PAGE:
November 20, 1994|SUSAN STEINBERG

Outraged by a radio talk-show host's comment that homeless people "should be put to sleep," the Santa Monica City Council this week sent a scathing letter to KFI Radio and is preparing to file a complaint with the Federal Communications Commission.

The station aired a show July 10 on which radio host Emiliano Lamon called for the extermination of homeless people, comparing them to stray dogs.

"We found it alarming that during this show the 'extermination' of homeless people was discussed. This line of debate clearly falls into the category of advocating violence against homeless people," said the letter, signed by all seven council members.

The council asked that Lamon be severely disciplined and a public apology issued.

Lamon could not be reached for comment. But Howard Neal, vice president and general manager of KFI, said the station has not asked the talk show host to apologize. Instead, Neal says, Lamon was asked to "reassess his feelings."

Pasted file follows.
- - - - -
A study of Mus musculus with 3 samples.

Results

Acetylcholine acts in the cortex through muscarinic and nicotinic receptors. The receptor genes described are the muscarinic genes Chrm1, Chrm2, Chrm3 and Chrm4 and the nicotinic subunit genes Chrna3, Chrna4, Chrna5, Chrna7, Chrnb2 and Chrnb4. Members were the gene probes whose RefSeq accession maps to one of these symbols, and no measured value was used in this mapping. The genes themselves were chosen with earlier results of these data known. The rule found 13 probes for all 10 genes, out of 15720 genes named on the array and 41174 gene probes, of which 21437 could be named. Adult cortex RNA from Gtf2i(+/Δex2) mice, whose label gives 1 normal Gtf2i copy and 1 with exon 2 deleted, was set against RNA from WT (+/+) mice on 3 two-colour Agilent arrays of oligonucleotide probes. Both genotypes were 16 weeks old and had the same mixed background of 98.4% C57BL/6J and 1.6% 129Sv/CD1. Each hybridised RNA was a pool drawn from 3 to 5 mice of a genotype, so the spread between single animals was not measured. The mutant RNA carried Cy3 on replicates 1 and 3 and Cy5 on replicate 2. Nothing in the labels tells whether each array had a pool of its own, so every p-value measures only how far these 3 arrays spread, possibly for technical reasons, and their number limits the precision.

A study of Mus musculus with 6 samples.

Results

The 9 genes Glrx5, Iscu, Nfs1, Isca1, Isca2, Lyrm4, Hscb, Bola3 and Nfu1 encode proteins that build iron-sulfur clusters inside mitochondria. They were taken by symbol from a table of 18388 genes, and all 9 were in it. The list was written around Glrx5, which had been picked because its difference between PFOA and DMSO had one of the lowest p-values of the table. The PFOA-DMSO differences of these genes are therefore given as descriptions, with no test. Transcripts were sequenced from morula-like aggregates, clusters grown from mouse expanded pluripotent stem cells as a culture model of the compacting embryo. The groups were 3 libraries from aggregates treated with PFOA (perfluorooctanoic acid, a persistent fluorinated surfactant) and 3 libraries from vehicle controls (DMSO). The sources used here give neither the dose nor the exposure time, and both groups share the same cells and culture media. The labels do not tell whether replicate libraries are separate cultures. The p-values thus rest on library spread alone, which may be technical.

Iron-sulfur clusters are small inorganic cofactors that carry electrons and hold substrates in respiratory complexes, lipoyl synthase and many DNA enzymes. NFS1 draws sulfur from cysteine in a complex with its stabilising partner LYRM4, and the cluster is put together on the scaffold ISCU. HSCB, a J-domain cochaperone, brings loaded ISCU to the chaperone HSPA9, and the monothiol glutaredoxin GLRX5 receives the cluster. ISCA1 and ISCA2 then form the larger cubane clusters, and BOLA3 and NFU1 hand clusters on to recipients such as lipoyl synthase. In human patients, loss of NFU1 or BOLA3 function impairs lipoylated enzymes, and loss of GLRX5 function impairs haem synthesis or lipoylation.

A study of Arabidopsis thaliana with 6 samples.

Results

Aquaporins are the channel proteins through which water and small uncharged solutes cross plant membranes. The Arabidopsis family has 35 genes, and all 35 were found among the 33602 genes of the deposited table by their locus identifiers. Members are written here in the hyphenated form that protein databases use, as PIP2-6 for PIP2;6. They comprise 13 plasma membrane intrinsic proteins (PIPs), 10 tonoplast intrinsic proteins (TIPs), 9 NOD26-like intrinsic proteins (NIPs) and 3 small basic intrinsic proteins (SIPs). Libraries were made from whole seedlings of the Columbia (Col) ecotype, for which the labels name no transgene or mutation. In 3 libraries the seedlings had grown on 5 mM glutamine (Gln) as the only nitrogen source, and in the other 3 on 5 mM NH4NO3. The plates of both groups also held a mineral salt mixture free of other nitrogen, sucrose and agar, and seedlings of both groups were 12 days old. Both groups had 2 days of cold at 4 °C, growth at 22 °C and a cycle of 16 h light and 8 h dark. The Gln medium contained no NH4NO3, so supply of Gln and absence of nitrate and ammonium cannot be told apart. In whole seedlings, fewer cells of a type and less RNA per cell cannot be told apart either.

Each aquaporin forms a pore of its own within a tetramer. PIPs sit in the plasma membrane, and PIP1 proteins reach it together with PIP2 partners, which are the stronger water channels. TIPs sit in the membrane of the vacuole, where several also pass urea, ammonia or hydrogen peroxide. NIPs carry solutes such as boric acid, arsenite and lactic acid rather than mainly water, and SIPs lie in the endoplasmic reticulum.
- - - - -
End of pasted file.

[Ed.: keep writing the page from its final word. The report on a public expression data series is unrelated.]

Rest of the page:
Neal said Lamon's recommendation that the homeless be "put to sleep" does not necessarily amount to advocating murder.

"I have not formulated an opinion about it," Neal said. "If people are looking to be negative about it, you could make that assumption."

He added: "I would not, personally, make that assumption."

In its letter, the council said it supports First Amendment protections of free speech, but "finds it reprehensible that KFI management permitted this type of irresponsible and inflammatory reporting to be aired."

During the broadcast, Lamon said that a solution to the "homeless problem" came to him in an "epiphany" when he saw a stray dog walk into traffic and get killed by a truck.

"It led me to a solution . . . an idea . . . to the homeless problem," Lamon told his listeners. "I believe homeless people, essentially, should be put to sleep. . . . I see no reason they should exist."

Council members decided to address the incident last month after Lamon's comments were brought to their attention by activist Jerry Rubin. Rubin, a Santa Monica resident, and several advocates for the homeless have expressed outrage at Lamon and KFI, demanding a public apology from the host.